I am as divided as my General Conference on today’s protest by the Lesbian/Gay /Bisexual/Transgender (LGBT) nonviolent demonstration at GC. Here is proof positive that non-violence can still be disruptive. Whether it was effective is another matter. As for me, I donned a rainbow stole this morning for a while… then I took it off. I am so frustrated that this artificial polarization allows a sympathetic moderate no place to stand (or fall). I have long spoken out against making this “the homosexual issue” because it is a fallacious reduction of our relationship to our gay and lesbian brothers and sisters. A core question being, are they Christian brothers and sisters, or are we, as a denomination actually claiming they cannot be Christian if they are gay/lesbian? And compounding this tragedy? We think we can settle this “issue” by voting on it! Making the reality of men and women with a gay/lesbian predisposition a legislative contention is self-defeating — and it leads to the kinds of protests being lodged at GC today.
Don’t expect great wisdom here. This is nothing more than the opinion of a middle-aged straight white male. My credentials for entering this discussion are sketchy. I am a flawed human being — that is all that qualifies me. The fundamental (is this a good word to use at this time?) point for me is that we stray into treacherous waters any time we start treating people as categories or groups. Everyone is hurt when the discussion is about the worth and acceptability of a particular group of human beings. The question, “should gays be ordained?” is an unanswerable question for me. Why? Because I am sure not all gays should be ordained any more than I believe all straight people would make good pastors. Well, what about “the sin” issue? Well, I don’t believe “homosexuality” as an individual act or orientation IS a sin. Yes, the Bible says it is, but the Bible says a lot of things that we have learned aren’t precisely true. If the Levitical authors and Paul knew what we know of biology, ethics, and genetics, it might never have been an issue in a premodern and primitive society. In context, homosexuality was a sin against the community’s need to multiply in order to spread, grow and conquer. It was not a moral issue in the light we interpret today. But beyond that, I don’t know “homosexuals.” I know people who happen to be gay or straight. I like most of them, try to love all of them, and have problems with a few of them. The clergy colleagues I know who are gay or lesbian are average to great pastoral leaders. But their propensities do not impact their leadership in negative ways.
The stress and strain of today is wanting to stand in solidarity with people who are people unjustly treated, unfairly persecuted, and harmed — while at the same time wanting to support and serve this church I truly love. Do I hate that my church is the source of hostility and hurt? You betcha. So, in empathy with the hostile, hateful, and misinformed words being spoken this morning, I donned my Technicolor stole. But on my way out, I heard equally hostile and unkind words being spoken by gay and lesbian people aimed at religious conservatives and central conference delegates. Instead of the rainbow being a symbol of positive solidarity, it has become a badge of division, drawing a line to clearly delineate who is “us” and who is “them.” Now, I can’t control another person’s reaction; I can only take responsibility for my own choices. And I choose not to drive wedges between the very people I want to see reconciled. If I wear a rainbow, I am drawn into an “us/them” division created by other people. If I choose not to wear a stole, I am not endorsing either posture, but remain committed to my gay and lesbian brothers and sisters while not causing offense to those who think and feel differently than I do. Paul says something about not giving offense, I think. I will not respond to the hostile and unkind acts and words of others with unkind acts and words of my own.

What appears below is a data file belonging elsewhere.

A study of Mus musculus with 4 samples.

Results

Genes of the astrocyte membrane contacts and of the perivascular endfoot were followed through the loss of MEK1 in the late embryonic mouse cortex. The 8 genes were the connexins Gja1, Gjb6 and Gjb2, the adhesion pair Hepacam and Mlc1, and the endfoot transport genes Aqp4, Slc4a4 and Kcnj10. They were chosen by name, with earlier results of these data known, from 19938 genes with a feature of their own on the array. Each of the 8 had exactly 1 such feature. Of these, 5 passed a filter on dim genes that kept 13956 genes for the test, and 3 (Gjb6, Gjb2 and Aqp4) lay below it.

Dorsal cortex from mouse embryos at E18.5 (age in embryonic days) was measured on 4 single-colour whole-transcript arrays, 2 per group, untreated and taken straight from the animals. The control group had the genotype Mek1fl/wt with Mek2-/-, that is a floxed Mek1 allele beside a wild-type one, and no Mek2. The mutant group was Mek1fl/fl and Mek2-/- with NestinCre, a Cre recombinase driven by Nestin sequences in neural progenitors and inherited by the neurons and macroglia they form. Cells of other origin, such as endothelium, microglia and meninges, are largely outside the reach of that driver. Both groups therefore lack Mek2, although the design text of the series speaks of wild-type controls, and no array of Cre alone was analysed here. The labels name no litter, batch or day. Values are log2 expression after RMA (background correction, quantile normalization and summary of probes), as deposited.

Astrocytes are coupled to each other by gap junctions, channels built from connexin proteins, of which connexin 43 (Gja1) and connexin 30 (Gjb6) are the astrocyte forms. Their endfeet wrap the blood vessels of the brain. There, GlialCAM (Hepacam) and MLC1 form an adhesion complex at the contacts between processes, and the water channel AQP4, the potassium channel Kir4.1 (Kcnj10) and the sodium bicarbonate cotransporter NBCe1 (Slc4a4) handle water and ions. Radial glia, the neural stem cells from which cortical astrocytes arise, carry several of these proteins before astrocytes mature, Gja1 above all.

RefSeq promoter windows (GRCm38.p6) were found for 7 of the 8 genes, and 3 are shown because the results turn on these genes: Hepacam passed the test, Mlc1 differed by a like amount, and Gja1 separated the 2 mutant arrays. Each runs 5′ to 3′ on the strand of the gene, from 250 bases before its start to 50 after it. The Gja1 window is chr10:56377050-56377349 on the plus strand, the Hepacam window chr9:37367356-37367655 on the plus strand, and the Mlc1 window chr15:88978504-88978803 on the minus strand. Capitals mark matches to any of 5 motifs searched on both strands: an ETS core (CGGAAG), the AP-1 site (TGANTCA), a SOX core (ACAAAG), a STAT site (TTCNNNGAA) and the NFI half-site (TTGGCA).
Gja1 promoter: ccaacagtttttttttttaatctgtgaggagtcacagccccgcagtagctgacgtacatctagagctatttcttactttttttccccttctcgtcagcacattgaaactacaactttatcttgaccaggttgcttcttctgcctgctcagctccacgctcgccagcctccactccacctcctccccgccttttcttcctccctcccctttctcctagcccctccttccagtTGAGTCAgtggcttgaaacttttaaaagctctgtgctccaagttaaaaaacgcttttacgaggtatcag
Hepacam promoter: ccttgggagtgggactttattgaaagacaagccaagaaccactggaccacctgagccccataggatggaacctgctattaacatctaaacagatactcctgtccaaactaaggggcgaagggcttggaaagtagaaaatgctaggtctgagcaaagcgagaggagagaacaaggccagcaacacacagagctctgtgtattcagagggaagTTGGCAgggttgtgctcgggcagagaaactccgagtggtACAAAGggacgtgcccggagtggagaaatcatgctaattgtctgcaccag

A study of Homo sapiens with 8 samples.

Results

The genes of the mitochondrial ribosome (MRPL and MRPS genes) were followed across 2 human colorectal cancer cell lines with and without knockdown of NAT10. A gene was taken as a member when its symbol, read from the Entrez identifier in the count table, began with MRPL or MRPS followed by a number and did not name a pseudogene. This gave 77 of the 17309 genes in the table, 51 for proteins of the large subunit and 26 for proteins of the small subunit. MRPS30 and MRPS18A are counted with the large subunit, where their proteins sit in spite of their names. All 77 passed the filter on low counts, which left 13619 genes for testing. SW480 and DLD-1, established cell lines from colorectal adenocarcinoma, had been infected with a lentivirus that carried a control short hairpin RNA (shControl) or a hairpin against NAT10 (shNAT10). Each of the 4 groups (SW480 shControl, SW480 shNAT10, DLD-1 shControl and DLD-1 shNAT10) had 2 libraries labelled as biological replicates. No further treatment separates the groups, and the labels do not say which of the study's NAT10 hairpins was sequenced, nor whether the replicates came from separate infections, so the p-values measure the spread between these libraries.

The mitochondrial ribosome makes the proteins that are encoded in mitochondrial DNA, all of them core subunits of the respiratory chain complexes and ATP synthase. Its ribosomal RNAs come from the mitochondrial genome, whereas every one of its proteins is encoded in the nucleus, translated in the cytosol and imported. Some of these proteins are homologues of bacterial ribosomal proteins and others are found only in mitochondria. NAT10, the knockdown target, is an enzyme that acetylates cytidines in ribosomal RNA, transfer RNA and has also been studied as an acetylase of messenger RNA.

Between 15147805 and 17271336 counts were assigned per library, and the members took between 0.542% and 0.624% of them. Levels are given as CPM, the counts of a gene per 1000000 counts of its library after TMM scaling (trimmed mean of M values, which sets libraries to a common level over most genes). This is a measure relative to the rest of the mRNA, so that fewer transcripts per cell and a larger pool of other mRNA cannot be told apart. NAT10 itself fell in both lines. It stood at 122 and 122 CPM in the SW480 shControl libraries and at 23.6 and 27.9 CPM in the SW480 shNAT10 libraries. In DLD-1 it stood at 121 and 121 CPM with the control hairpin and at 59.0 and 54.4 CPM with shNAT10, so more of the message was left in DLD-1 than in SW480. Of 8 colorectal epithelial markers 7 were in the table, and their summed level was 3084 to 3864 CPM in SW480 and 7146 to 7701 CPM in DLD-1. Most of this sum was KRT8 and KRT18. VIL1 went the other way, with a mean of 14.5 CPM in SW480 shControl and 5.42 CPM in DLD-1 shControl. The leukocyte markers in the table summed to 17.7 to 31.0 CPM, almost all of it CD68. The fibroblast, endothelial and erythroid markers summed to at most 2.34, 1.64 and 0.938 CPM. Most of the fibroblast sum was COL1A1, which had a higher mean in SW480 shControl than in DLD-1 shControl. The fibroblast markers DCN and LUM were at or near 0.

The rainbow is a glorious sign of promise — God will never wipe out humankind through flood. It is a sign of hope, but it should not be a sign of hope for some and not for all. This is where I come down — we need signs of hope for all. We have a church that is communicating a gospel that says, “this is not for you — our perception of your sin makes you unfit for Christ’s love and God’s mercy.” This is unacceptable. I cannot believe that God ever intended followers of Christ to commit so much time and energy to keeping people out, pushing people away, and shaming their sisters and brothers. I have been proud of our Episcopal leaders — they repeatedly state that our United Methodist theology defines ALL people on earth as children of God. By God’s grace, may we outgrow our fervor for child abuse, and instead create a church of justice, mercy, compassion, kindness, peace and love. I look forward to the day when God redeems the rainbow, and it is not used to make a point, but can be embraced and enjoyed by all.